June 29, 2005
News Release 05-075
Inv. No. 332-468
Contact: Peg O'Laughlin, 202-205-1819


The U.S. International Trade Commission (ITC) is seeking input for a newly initiated investigation into the economic impacts that may result from the World Trade Organization's (WTO) Doha Round of trade negotiations, which is currently underway.

The investigation, Economywide Simulation Modeling: Technical Analysis of the Doha Round, was requested by the U.S. Trade Representative (USTR) in a letter received May 25, 2005.

In the letter, the USTR noted that the Administration is conducting an environmental review of a proposed trade agreement for the Doha Round. He requested that, as a contribution to the ongoing environmental review process, the Commission provide information that could contribute to the estimation and examination of the economic effects of the trade agreement so as to assist the Trade Policy Staff Committee (TSPC) in its environmental review of the proposed agreement.

As requested, the ITC, an independent, factfinding, federal agency, will quantify the expected changes in production, consumption, trade, and prices that may be associated with the Doha Round, with regional and sectoral aggregations appropriate to illustrate those changes. The Commission will also provide those estimates for scenarios, to the extent possible, that reflect a range of possible outcomes with respect to market access for all products and trade-distorting domestic assistance programs and export subsidies related to agriculture, to be informed by the "July package" agreed to by the WTO's General Council on August 1, 2004.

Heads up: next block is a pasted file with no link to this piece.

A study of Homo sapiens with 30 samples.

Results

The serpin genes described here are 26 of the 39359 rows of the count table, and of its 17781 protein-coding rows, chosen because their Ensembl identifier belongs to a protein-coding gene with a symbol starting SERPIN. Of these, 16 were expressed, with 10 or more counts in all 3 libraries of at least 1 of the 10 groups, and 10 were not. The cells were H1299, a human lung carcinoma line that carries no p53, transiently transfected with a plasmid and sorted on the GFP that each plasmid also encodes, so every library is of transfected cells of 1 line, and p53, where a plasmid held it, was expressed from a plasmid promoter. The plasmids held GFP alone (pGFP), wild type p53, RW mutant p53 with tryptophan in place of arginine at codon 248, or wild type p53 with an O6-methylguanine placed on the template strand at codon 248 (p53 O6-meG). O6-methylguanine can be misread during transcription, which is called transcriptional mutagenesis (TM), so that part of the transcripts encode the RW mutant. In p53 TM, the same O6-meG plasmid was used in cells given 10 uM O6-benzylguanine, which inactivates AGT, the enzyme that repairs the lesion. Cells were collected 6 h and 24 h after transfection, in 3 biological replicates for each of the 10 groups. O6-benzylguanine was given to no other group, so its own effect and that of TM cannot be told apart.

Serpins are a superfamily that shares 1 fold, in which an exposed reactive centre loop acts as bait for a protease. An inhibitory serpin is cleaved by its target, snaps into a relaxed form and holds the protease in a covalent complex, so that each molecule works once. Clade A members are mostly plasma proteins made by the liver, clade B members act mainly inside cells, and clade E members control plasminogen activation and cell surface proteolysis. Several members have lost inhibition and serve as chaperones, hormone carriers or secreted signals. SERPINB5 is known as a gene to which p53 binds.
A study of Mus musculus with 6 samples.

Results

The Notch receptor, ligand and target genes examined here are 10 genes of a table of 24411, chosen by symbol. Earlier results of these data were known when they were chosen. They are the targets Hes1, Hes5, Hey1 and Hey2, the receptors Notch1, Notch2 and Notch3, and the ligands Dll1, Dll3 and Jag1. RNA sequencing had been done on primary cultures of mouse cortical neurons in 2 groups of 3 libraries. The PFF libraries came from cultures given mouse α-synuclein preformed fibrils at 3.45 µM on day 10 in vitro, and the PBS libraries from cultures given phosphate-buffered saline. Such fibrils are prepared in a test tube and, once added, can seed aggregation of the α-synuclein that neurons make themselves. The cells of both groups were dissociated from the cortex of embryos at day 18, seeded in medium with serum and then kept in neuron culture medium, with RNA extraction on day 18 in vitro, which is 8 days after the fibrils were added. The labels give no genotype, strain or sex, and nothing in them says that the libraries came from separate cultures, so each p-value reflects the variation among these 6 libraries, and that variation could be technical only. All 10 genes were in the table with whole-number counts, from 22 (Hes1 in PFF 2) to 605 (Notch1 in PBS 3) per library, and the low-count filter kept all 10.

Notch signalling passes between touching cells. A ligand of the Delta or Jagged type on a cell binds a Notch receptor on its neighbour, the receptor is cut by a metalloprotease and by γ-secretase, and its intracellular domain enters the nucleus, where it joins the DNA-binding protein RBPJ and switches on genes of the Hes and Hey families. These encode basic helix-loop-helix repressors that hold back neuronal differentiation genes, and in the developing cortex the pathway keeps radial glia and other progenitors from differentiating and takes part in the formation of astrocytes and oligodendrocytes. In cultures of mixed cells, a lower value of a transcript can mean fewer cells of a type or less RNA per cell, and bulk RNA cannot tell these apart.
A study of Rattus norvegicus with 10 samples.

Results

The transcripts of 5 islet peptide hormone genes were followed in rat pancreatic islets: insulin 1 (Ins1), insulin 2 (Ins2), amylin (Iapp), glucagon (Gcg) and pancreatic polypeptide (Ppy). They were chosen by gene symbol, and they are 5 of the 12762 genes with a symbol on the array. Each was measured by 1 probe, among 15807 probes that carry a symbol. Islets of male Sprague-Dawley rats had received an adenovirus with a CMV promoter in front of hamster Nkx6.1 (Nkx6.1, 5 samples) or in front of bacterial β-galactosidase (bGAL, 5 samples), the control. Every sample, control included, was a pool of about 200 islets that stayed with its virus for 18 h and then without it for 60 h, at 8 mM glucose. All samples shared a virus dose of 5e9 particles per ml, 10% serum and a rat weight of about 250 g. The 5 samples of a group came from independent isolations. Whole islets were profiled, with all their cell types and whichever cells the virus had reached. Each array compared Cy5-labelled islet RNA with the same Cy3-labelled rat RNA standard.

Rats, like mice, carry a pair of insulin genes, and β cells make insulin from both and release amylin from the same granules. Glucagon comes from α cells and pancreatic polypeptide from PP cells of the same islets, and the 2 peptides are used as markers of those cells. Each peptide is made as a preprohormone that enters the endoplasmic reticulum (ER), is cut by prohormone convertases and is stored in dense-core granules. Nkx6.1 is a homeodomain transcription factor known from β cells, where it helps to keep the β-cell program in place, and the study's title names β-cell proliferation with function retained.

The ITC will submit its report, which will be confidential, to USTR by March 27, 2006.

The ITC will not hold a hearing in connection with this investigation, but it welcomes written submissions for the record. Written submissions (one original and 14 copies) should be submitted at the earliest practical date but no later than 5:15 p.m. on November 30, 2005. All written submissions except for confidential business information, will be available for public inspection.

Further information on the scope of the investigation and appropriate submissions is available in the ITC's notice of investigation, dated June 29, 2005, which can be downloaded from the ITC Internet site (www.usitc.gov) or may be obtained by contacting the Office of the Secretary at the above address or 202-205-1816.

ITC general factfinding investigations, such as this one, cover matters related to tariffs or trade and are generally conducted at the request of the U.S. Trade Representative, the Senate Committee on Finance or the House Committee on Ways and Means. The resulting reports convey the Commission's objective findings and independent analyses on the subjects investigated. The Commission makes no recommendations on policy or other matters in its general factfinding reports. Upon completion of each investigation, the ITC submits its findings and analyses to the requestor. General factfinding investigation reports are subsequently released to the public, unless, like this one, they are classified by the requestor for national security reasons.